March 4th, 2015 by admin
When the Health Insurance Portability and Accountability Act (HIPAA) took effect in 1996, a number of legal "gray areas" existed in that original law. At the top of the list: to what extent was a law firm obligated to protect the confidentiality of Protected Health Information (PHI) stored in their client records? There simply wasn't a clear-cut answer back then; ask five different lawyers, and you'd probably get five different answers.
After 13 years of wading through ambiguity, those issues would be mostly settled by the Health Information Technology for Economic and Clinical Health (HITECH) Act of 2009. Law firms are now clearly defined as "business associates" of a "covered entity"—the plaintiff or defendant in any legal matter in which PHI served as evidence.
As a Business Associate, the law firm is governed by strict IT procedures—about 40 "minimum necessary standards" in total—for safeguarding PHI stored in their electronic records. This affects virtually the entire IT configuration of the firm: document files, emails, authorized access and password security, encryption and firewalls, anti-malware protection, and even screen savers.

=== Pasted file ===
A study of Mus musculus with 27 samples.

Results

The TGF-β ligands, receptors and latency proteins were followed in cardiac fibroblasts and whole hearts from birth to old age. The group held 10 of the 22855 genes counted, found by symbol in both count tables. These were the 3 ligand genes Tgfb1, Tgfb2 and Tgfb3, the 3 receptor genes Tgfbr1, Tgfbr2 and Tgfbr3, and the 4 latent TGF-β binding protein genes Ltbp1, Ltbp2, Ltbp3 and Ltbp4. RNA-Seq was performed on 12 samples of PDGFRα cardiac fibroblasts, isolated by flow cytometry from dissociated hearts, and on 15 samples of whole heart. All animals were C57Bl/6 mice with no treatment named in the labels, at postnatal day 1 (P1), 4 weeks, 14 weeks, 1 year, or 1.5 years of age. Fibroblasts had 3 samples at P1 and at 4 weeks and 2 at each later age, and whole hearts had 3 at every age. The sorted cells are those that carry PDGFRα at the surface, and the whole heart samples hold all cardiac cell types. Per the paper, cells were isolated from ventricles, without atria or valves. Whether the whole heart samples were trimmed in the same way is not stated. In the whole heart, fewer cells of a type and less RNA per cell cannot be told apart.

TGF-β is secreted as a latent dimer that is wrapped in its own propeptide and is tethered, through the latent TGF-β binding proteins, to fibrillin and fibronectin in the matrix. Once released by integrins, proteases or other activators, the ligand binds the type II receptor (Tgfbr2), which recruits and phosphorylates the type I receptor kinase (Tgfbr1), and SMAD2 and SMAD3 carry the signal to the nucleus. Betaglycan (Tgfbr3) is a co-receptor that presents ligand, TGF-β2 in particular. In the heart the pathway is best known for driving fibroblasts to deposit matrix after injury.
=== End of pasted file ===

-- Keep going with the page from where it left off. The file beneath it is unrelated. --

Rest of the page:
The Feds: Ignorance is No Excuse
According to HIPAA regulations, any lapse in those 40 minimum standards can be considered a direct data breach.
The penalty for an HIPAA violation—or failure to report it to Covered Entities/HHS regulators? A fine of up to $50,000 per incident, or a whopping $1.5 million per year.
Among the large number of Bay Area law firms we've worked with, a major problem we've noticed is that many don't realize that HIPAA/HITECH compliance is actually retroactive for all legal records kept after 1996. If the firm used PHI in any case—from medical malpractice, an injury accident, or worker's comp to elder care or estate planning—it is now bound by HIPAA/HITECH IT regulations. And if only one attorney on a law firm's staff of 30 worked a PHI case, that means the entire firm’s IT environment may be subject to those IT rules from a practical perspective.
Know What You Don't Know… Before It's Too Late
If your firm is still unclear about the full scope of HIPAA/HITECH compliance, now is the time to admit it. We recommend an immediate, comprehensive IT "gap assessment" to identify any problem areas which fall under HIPAA governance—specifically how PHI is stored on onsite servers, Cloud-service vendors, desktop hard drives, mobile devices, and E-mail. Security may also be a problem area, including password policy, workstation and server patching, filtering malware at your firewall, and even door locks!
Next, establish a formal HIPAA compliance policy that features employee security training. Conduct bi-annual audits to ensure your firm doesn't fall out of compliance.
With heavy penalties at stake, you don't want to go it alone. Work with a trusted IT partner who understands HIPAA regulations inside and out—and who will help you maintain airtight compliance. Like those old motor oil commercials used to say, you can pay now, or pay later.